For the Tuesday morning closing keynote at the 2012 ASHE PDC Summit in Phoenix, Arizona, author, consultant, and futurist (and ASHE PDC master of ceremonies) Ian Morrison pulled together the key messages presented throughout the conference into a single unified presentation to create a comprehensive message to attendees with simple, direct takeaways. The bottom line: the U.S. healthcare system must and will change, and there is a great period of opportunity here for those interested in being a part of the future.

After recapping the general points of T. R. Reid's opening keynote, which focused on comparing the U.S. healthcare system model to the four general models used in the rest of the world's wealthy nations, Morrison set up a lenghty explanation as to why the U.S. system–the only one in the world that incorporates all four models rather than focusing on just one–is unsustainable. Morrison defined the value of health services with a simple equation: Value equals (Access + Quality + Security) over Cost. Simply put, the U.S. denominator in that equation–cost–is severely out of whack, as the United States has the highest spend and the worst "mortality amenable to healthcare" of all similar nations.

After painting a rather bleak picture of the current math situation, however, Morrison did provide much reason for optimism for the future. Following the general message of many of the other plenary sessions that took place at the 2012 PDC Summit, Morrison indicated that a move to a population-based payment system is generally the favored outcome, and that changing the delivery model via technology and new models of care will be key to engaging consumers. A change in the compensation principle from being action-based to being outcome-based will be an important change that will go a long way to improving the system overall, as it logically follows that reimbursement changes will change delivery methods by default. Morrison also stressed throughout that changes will come regardless of what happens on the political front, and the ultimate fate of healthcare reform and Obamacare.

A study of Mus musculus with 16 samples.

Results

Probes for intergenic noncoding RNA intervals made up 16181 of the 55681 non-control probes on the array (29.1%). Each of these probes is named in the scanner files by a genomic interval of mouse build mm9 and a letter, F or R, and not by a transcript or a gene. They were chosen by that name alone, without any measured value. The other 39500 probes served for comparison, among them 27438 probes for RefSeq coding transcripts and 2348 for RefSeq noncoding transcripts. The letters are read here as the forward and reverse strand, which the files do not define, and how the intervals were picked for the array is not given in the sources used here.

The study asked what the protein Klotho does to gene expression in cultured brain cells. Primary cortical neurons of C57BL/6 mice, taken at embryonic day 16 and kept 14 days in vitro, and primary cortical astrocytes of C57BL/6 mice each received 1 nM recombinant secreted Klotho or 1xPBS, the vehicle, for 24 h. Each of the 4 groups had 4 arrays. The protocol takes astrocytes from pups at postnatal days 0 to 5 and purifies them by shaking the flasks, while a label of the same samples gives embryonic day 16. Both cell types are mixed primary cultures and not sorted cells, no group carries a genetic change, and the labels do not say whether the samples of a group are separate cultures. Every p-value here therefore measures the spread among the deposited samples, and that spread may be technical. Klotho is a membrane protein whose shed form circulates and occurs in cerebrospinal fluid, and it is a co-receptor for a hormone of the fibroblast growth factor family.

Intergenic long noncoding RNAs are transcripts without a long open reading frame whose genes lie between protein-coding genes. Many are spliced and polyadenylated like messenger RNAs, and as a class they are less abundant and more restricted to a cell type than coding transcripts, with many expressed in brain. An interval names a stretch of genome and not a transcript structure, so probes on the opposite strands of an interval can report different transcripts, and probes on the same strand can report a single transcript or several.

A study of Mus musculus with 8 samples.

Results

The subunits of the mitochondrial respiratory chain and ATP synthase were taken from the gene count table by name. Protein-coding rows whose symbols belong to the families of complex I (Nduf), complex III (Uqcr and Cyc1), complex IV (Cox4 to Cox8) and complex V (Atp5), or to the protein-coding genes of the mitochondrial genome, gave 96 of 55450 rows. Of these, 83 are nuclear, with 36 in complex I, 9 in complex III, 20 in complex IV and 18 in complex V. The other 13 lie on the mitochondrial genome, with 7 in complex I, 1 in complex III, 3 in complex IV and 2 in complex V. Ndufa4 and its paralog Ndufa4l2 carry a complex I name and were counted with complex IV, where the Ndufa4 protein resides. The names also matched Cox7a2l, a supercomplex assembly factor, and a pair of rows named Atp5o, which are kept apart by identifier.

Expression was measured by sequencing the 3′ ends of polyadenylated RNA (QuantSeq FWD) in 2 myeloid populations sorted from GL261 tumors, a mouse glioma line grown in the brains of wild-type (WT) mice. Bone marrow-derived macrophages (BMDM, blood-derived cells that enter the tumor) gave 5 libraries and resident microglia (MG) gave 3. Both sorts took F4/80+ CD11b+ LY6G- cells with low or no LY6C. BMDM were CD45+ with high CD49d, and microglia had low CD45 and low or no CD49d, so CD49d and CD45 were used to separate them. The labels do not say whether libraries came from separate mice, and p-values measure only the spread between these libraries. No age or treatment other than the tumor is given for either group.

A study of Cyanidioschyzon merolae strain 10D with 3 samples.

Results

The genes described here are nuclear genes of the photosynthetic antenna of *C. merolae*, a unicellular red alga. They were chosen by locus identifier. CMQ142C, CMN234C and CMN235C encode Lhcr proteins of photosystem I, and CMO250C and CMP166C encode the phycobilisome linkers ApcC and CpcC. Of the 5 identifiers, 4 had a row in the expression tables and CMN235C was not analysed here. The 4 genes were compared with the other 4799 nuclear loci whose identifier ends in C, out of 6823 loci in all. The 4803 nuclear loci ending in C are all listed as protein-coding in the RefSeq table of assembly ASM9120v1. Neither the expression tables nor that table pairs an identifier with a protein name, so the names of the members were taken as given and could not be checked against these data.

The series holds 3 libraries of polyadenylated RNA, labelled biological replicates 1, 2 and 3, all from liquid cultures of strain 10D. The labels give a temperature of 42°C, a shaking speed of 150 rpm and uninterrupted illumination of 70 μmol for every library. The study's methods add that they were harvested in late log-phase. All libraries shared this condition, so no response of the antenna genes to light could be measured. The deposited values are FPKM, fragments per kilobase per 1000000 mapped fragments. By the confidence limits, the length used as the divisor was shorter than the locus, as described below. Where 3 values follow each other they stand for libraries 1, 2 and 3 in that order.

Morrison also presented data gathered on his own from polling facility owners and consumers as to what they want and expect from a new system. For facility owners, reducing labor costs to cut overhead can and should be done by redesigning delivery methods. For consumers, an indication that they would trade choice and access for lower premiums further indicates that the cost denominator is what needs fixed first and foremost. His ultimate advice for the nation's hospitals? Get cheaper, get better.

Tying the message back to the A/E community–the heart of the PDC audience–Morrison provided a few guideposts. He stressed a need to design for maximum flexibility in these changing times–but to be cautious about ownership's willingness to pay for said flexibility. He encouraged A/E to think about portfolios and to play out as many alternate scenarios as possible to prepare for whatever comes. He advised to support clinical redesign and to keep sight of the fact that "it's not about boxes, it's about patient solutions," and to picture the situation in terms of rethinking rather than simple innovation.

Ultimately, Morrison concluded that this is a time of great opportunity for all involved in the planning, design, and construction of the nation's healthcare facilities. His final message was to build real teams to do this work, including owners, clinicians, planners, designers, construction, and even regulators, and that it was a must to reduce regulatory clutter and to add value to make things better. And finally, Morrison pointed to the example of the team from the Joplin/Mercy Health Care Campus who had presented a plenary session the day before as a source of inspiration, a great example of all involved coming together under extreme circumstances to triumph in the face of adversity.